Not all fuels are the same, Shell says. Really? We spend a weekend with Malaysia’s market leader in fuel and learned more about what makes their performance fuel V-Power special.

V-Power made its world debut in Hong Kong back in 1998, and Malaysian motorists first got a taste of it in 2000. Ten years on and V-Power is still the only premium fuel in the market. Three months ago, Shell introduced V-Power 97 at regular RON97 prices (currently RM2.10 per litre) in Malaysia, which means that there are now two variants of V-Power sold here – V-Power 97 and V-Power Racing.

V-Power 97 is available at over 750 Shell stations across the country, replacing the previous RON97 offering. V-Power Racing, the premium fuel at RM2.48 per litre, is only sold at 40 plus pumps in Klang Valley and Johor. But what’s the difference between the two V-Power variants? And what’s the advantage V-Power has over Shell’s regular RON95 fuel?

Read the rest of the story after the jump.

Dr. Fuel is an expert in Malaysian seafood and the “black gold” under the sea bed

I’m no fuel expert myself, which is why I posed the above questions to Eric Holthusen, Shell’s Fuels Technology Manager in Asia Pacific and the Middle East. Some of you might have seen the German scientist featured in the press before as “Dr. Fuel”. He’s been in Malaysia for six years and probably knows more good makan places than yours truly!

Have you heard people claim that all fuels are the same? Dr. Fuel admits that this is true to some extent. The key difference between V-Power 97 and V-Power Racing is that the former uses a “generic” base fuel that could be shared with other brands, while V-Power Racing uses a specific propreitary base fuel. This base fuel makes VPR “much more sophisticated”, accoding to Eric.

High tech simulator allowed us to litreally feel V-Power’s anti friction properties

However, this does not mean that V-Power 97 isn’t a notch above the norm. Like V-Power Racing, it contains the brand’s unique Friction Modification Technology (FMT) additive. FMT was developed by Shell for Ferrari’s Formula 1 team (still in use now by the Scuderia) and its role is to squeeze the most performance from every drop.

Guess how much of energy from fuel is used to power your car? I was pessimistic and guessed 40%. “Only about 25%,” revealed Eric to this shocked writer. The good scientist explains that the bulk of the energy is lost in the form of heat and pumping losses; the rest is friction. While nothing can be done with the physics of energy loss through heat and pumping, Shell worked to reduce the friction bit.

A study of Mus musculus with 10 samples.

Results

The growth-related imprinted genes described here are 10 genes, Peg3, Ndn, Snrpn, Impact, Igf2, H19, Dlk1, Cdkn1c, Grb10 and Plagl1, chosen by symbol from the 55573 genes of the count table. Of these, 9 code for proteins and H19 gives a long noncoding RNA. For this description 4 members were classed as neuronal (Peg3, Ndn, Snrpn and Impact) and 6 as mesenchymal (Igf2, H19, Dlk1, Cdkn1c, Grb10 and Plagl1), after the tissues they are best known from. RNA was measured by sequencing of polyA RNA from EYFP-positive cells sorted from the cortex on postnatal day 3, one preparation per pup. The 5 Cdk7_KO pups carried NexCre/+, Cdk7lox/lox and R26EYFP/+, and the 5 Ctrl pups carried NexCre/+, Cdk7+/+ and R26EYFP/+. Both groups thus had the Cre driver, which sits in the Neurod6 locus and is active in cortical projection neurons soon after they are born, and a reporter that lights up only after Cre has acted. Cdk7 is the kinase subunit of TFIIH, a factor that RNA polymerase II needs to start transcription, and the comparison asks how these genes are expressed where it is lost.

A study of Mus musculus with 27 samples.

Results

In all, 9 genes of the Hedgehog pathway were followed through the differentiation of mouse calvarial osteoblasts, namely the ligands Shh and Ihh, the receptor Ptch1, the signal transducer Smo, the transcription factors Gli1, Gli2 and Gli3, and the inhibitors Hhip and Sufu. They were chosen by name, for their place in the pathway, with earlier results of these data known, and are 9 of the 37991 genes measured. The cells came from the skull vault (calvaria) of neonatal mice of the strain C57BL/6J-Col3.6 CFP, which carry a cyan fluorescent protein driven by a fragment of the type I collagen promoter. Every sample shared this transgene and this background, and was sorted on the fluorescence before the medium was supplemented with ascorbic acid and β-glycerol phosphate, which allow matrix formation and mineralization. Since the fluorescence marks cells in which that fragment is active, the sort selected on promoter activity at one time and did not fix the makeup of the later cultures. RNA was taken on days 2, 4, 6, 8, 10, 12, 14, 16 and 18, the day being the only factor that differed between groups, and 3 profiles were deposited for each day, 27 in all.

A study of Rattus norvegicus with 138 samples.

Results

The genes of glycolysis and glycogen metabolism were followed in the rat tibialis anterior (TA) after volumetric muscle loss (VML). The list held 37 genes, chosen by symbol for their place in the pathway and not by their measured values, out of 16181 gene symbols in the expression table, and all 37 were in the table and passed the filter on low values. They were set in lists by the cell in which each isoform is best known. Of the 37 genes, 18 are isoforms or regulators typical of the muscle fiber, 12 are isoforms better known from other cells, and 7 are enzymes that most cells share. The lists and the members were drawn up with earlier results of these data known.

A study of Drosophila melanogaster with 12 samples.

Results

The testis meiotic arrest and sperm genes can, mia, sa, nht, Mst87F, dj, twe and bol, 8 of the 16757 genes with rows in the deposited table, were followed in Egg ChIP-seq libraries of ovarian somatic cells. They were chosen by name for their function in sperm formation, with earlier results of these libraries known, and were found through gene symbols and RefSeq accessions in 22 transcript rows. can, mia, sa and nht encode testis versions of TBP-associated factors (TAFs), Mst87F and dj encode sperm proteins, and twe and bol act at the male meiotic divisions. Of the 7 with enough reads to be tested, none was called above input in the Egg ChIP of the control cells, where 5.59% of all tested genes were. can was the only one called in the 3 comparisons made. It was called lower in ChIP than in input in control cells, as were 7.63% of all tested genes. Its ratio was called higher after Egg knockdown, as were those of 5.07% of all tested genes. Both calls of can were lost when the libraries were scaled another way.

Nothing much can be done about heat and pumping losses, so Shell focussed on friction

Engine oil takes care of reducing friction below the piston rings, and FMT is charged with “surviving combustion” and “smoothening” the top part of the piston with a coat of protection. Less friction, more efficient, more power – that’s the theory.

Cleansing power is also one of the trump cards. Deposits can build up on vital engine parts like the valves; they appear sponge like under the microscope and can trap/absorb fuel, which means less fuel to do the job when it’s needed. Once again, this translates to less power. FMT in V-Power is claimed to start the cleaning job from the first fill and prevents build up as well.

For cost reasons, some motorists use V-Power once in every few fills instead of all the time. Not the most optimum, but still beneficial thanks to the “start work on first fill” agreement. It’s sort of like having a good maid over to clean your house once a week – still better than nothing!

Right valve dipped in V-Power. Less deposits trap less fuel, hence the smaller flame

Another benefit is the higher octane, RON 97 in this case. Most new engines come with knock sensors that allow the use of lower octane fuel, just that it won’t run at optimum performance.

Knock happens when fuel is burned before ignited, and a higher RON means a higher resistance to premature ignition – allowing the fuel to be fully compressed before combustion.

A higher RON is perfect partner to a higher compression ratio, like how the Suzuki recommends RON98 for its Swift Sport’s 11:1 compression ratio M16A engine (owners report that RON97 runs fine without knock). Same thing for the Honda Civic Type R’s highly strung 225 PS engine; it won’t take RON95 unlike lesser Civics.

V-Power 97 is RON97, but what’s the actual RON rating for V-Power Racing? Eric Holthusen said “a minimum of RON97” with a cheeky smile, which makes me suspect that it’s actually higher. Or at least that’s exactly what they want us to believe. In any case, remember that the base fuel for VPR is of a higher quality, which explains the 38 sen premium over V-Power 97.

On its close and longstanding relationship with Ferrari, Shell reminds us that it’s a “technical partnership” not a “sponsorship”. The very first Ferrari drove out of Maranello with Shell fuel and lubricants, and Shell is still the factory fill for the supercar maker today.

We also had a chance to visit Shell’s Track Lab at the Singapore GP, which is part of the Scuderia’s motorhome at every F1 race, and talked to some key people that work hand in hand with the F1 team. Stay tuned!